The Queen's Speech pledge to introduce a British Bill of Rights has been labelled "Groundhog Day" for being identical to last year's pledge, after 12 months of inaction and setback for the policy.
The Tories have a manifesto commitment to abolish the Human Rights Act and replace it with a Bill of Rights.
But a slender majority in the Commons, opposition from some of its own MPs and the likelihood of greater opposition in the Lords has prevented it moving forward.
The Government's failure to produce detailed plans has left campaigners wary of the extent of what could happen. It has never been suggested Britain could leave the European Convention on Human Rights - whose protections the HRA introduced to British courts - altogether.
In the speech on Wednesday, the Queen said: "Proposals will be brought forward for a British Bill of Rights."
Last year, she said: "My government will bring forward proposals for a British Bill of Rights."
Lawyer and legal journalist David Allen Green mocked the similarity, saying it showed the government's failure to actually draft plans.
Labour's Lord Wood called it "the annual Queens Speech pledge to pretend to introduce a British Bill of Rights". Former government lawyer Carl Gardner said the switch from active to passive voice in the speech showed the Government's inaction on the issue.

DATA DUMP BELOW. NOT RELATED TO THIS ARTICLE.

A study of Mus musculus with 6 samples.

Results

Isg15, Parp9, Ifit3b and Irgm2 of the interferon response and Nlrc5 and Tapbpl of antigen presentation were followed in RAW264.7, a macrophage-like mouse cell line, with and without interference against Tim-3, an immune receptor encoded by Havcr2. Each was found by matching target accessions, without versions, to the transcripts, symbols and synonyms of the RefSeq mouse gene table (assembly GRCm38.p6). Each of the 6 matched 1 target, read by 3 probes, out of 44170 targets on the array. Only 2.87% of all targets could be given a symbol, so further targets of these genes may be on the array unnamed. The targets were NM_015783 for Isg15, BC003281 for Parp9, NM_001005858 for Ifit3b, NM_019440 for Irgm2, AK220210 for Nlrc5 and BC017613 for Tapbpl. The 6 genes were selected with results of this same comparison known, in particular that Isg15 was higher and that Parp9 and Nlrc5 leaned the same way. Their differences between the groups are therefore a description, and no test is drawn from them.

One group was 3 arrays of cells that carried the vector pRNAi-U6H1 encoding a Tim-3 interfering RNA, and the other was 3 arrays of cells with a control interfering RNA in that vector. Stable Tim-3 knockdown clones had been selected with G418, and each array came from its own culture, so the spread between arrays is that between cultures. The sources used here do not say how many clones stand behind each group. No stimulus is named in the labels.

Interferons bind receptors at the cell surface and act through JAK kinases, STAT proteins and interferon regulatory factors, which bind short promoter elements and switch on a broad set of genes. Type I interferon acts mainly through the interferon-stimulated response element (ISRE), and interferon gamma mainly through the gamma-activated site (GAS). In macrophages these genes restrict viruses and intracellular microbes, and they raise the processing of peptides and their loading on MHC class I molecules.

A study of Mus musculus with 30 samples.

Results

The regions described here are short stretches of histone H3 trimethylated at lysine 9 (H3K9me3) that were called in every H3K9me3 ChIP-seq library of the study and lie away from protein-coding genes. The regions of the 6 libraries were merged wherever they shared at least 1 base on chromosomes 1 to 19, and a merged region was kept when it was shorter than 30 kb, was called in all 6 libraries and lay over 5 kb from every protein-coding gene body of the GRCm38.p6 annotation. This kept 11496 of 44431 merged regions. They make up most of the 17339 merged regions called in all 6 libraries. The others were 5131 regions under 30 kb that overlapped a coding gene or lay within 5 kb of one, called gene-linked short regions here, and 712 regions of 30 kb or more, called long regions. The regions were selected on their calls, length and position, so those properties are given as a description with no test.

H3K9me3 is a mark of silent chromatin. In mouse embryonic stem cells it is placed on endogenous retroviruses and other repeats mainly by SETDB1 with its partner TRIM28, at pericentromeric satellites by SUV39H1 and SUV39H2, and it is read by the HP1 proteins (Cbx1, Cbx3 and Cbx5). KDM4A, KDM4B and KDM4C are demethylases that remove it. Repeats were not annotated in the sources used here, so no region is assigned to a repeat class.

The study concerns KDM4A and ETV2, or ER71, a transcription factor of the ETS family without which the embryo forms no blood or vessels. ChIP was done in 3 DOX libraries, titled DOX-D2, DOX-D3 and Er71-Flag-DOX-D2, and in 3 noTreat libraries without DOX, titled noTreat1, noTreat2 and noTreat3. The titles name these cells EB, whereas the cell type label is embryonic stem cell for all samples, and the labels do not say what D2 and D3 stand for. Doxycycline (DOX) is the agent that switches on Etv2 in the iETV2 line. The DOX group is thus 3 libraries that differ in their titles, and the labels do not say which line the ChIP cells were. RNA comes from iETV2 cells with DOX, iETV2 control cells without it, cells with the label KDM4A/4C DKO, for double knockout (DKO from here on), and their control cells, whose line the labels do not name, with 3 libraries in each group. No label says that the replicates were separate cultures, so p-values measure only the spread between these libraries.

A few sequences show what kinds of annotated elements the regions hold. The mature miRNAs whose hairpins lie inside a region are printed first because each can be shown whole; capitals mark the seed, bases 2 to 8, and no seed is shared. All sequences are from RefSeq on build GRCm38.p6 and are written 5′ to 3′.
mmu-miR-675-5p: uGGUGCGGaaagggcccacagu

Journalist Sunny Hundal said it was included only a "sop to the Tory right".
Bella Sankey, Policy Director at human rights campaigning group Liberty, told HuffPost UK: “If today felt like groundhog day, it was because little progress has been made towards a ‘British Bill of Rights’.
"The reality is that the Human Rights Act is a modern Bill of Rights that protects sovereignty and safeguards rights and freedoms across our diverse nations," she added.
"Government cannot repeal it without triggering a constitutional crisis, breaching the Good Friday Agreement and sending a regressive message across the globe.
“Little wonder that opposition is growing within the Conservative Party and across society. While the Prime Minister’s ambition may remain, persuading Parliament to get behind him becomes more difficult by the day.”
Amnesty International UK’s Human Rights Act Campaign Manager Laura Trevelyan said the Government needed "to take a hint on this".
She said: "The Government really needs to take the hint on this - there’s very little public appetite for scrapping the Human Rights Act.
"While the Government goes on kicking its un-needed and unloved British Bill of Rights idea into the long grass, wide public opposition to trashing the Human Rights Act is growing ever stronger.
"The Government should give their Bill of Rights plans one final kick into the long grass - and leave them there."
In its briefing note published after The Queen's Speech, the Ministry of Justice said it would "consult fully" on the Bill of Rights.
Speaking in April, Lib Dem peer and human rights barrister Lord Lester said the Government was "hemmed in" in the face of opposition to its plans in parliament.
He told HuffPost UK: "They put something on a manifesto that they thought they would never have honour... When they, beyond their wildest dreams, found they had won power, they were stuck with it."
Chris Bryant, Shadow Leader of the Commons, did not hold back in making his feelings known when the Queen mentioned the British Bill of Rights.
In last year's speech, the Queen, who is reading words written by others, appeared to shoot an "evil" at David Cameron when mentioning the plans to abolish the Human Rights Act.